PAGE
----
Why Do You Do Those Things For Clients?Why do you do that stuff? The client doesn’t expect it. Why do you do it if the client doesn’t ask for it?

Before I respond, I feel obliged to make a disclosure. First, I have worked in only two search firms, both of which I founded. I have never worked for one of the majors with their formulaic approach that discourages deviation or innovation. I designed our service offerings and executive search process based on my experience as a candidate and as a client, what I liked and did not like. I just tried to do what I thought made the most sense. This is not me bragging that I am better. This is just me saying we do things differently. In comparison to some of the old-line firms, the differences between our approach and philosophy are fairly significant. But that is not the point. Let’s get back to their questions: Why do you do that stuff when the client doesn’t expect it or ask for it?

Because when you have a team of less than 20 executive recruiters and consultants and many of your competitors have a long history and relationships, you would be an idiot if you did not consider market differentiation. While I keep that truth front and center while building my business, there is another factor, a more important business principle, that is at the heart and soul of what motivates me.

To add some relevance, let me share my beliefs in the context of value-based reimbursement that hospitals and other healthcare providers will live or die with over the next 10 years and beyond. It is all about quality (accountability), costs and patient satisfaction. If hospitals and other healthcare providers are going to be held accountable through reimbursement for their performance, why shouldn’t the people who sell services to those organizations have some elements of the same formula in their business model? Why should we try to hold on to the old transactional business model that while very profitable and comfortable, is hardly designed for the new way healthcare providers must do business?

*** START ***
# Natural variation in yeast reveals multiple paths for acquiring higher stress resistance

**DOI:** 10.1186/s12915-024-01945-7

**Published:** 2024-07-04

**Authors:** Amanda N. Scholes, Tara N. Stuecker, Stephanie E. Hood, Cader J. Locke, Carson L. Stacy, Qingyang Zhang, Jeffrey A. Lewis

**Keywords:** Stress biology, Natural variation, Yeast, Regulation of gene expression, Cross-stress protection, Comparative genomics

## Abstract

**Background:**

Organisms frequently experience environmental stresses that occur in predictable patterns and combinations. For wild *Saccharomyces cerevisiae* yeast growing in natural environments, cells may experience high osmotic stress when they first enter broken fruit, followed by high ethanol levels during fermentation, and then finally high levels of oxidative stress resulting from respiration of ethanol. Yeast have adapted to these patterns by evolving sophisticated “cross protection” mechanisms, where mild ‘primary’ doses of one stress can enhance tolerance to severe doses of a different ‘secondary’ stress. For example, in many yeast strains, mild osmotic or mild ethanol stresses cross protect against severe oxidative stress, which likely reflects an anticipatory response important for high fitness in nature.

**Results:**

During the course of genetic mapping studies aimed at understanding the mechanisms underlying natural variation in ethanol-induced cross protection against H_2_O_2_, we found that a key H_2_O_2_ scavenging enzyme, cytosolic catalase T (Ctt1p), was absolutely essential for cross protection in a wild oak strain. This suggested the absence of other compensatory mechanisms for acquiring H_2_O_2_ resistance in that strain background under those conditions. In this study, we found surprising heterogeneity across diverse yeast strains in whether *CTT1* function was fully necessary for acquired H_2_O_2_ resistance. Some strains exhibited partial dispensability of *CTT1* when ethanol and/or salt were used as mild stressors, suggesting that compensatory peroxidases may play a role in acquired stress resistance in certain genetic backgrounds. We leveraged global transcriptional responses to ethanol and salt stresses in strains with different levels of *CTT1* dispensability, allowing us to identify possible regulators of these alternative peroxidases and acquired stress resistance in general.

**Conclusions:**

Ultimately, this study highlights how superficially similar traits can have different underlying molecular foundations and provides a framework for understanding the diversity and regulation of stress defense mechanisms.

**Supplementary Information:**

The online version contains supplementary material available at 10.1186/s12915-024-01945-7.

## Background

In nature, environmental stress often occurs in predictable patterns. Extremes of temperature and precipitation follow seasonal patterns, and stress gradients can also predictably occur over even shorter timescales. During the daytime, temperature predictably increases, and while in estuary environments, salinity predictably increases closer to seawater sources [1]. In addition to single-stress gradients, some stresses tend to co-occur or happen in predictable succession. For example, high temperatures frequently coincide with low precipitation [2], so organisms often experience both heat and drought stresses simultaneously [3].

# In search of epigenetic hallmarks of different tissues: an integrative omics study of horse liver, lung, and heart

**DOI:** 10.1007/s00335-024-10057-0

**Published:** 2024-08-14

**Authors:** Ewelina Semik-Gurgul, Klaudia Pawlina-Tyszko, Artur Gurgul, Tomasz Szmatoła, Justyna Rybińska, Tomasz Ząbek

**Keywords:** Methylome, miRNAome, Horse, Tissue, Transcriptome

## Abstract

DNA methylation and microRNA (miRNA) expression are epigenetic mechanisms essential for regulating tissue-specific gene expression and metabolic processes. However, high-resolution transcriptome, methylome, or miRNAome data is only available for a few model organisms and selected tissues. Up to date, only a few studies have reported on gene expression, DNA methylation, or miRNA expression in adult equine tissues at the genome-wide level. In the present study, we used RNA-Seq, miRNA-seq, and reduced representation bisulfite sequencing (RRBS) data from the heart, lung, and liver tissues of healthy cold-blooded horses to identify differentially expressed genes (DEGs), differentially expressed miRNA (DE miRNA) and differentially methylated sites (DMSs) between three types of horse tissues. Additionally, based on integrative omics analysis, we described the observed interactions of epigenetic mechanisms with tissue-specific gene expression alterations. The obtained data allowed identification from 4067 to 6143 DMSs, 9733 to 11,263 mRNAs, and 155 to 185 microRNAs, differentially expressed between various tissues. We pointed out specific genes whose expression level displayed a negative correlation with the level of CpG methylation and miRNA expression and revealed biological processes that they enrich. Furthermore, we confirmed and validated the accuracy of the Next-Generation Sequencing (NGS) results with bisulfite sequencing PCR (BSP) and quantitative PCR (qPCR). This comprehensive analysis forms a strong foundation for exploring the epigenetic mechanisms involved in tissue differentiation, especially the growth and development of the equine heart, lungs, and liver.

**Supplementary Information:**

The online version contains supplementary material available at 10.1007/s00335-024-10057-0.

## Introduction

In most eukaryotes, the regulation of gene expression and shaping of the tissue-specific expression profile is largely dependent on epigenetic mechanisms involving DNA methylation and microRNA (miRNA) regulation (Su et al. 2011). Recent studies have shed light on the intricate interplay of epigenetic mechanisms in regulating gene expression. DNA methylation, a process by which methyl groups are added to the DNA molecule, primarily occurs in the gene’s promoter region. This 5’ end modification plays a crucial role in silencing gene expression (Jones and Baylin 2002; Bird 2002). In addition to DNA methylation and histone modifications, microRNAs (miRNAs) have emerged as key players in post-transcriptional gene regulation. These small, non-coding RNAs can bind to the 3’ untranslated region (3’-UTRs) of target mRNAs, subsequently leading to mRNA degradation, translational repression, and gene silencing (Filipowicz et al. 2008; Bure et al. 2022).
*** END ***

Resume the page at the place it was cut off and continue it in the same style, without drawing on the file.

That is an easy answer. Clients and candidates do deserve a better approach. Interestingly, some of the things I have been the proudest of did not seem to be that important to clients; like our three-year-placement guarantee, for example. Recently we were told in client/candidate focus group interviews, that they felt it was not necessary and carried too much risk for us. They felt that sometimes we gave them too much information in our candidate presentation books. Fortunately, what they liked far outweighed what they thought we should change, or the areas where we could improve.

Other new offerings, which we had talked about internally and begun to use in business pitches, seemed to have greater traction with our clients. This realization sent us back to the drawing board to make them real, the kind of value-added services for which we want to be held accountable.

So, why do we do those things? Because we think that if our clients must deal with increasing financial risks, so should we. There is no rational reason/excuse for not tying our performance and level of service to our professional fee. Because we believe that the terms partnering and accountability deserve to be more than marketing phrases.

The cost of a miss-hire is significant, much more than most organizations estimate in their cost of turnover calculations. Most recruiters take that fact seriously but few are willing to put their money where their mouth is. We will.

In terms of our candidates, we understand that being a candidate in a search is challenging and time consuming. Unfortunately, based on observation and feedback from candidates, many recruiters take their sacrifices for granted. While we have always understood that, our actions did not always match our values. So now, we have created services for our candidates, including ongoing career support.

Until then, the answer to the questions my friends/competitors posed: We do the extra stuff for our clients because we want to be invested in their success. They are being held accountable. So should we.

Service firms that don’t change are transactional. The unfortunate truth is that most prefer a business as usual model. They don’t want to change from 50-years of essentially doing it the same way because they don’t feel they have to.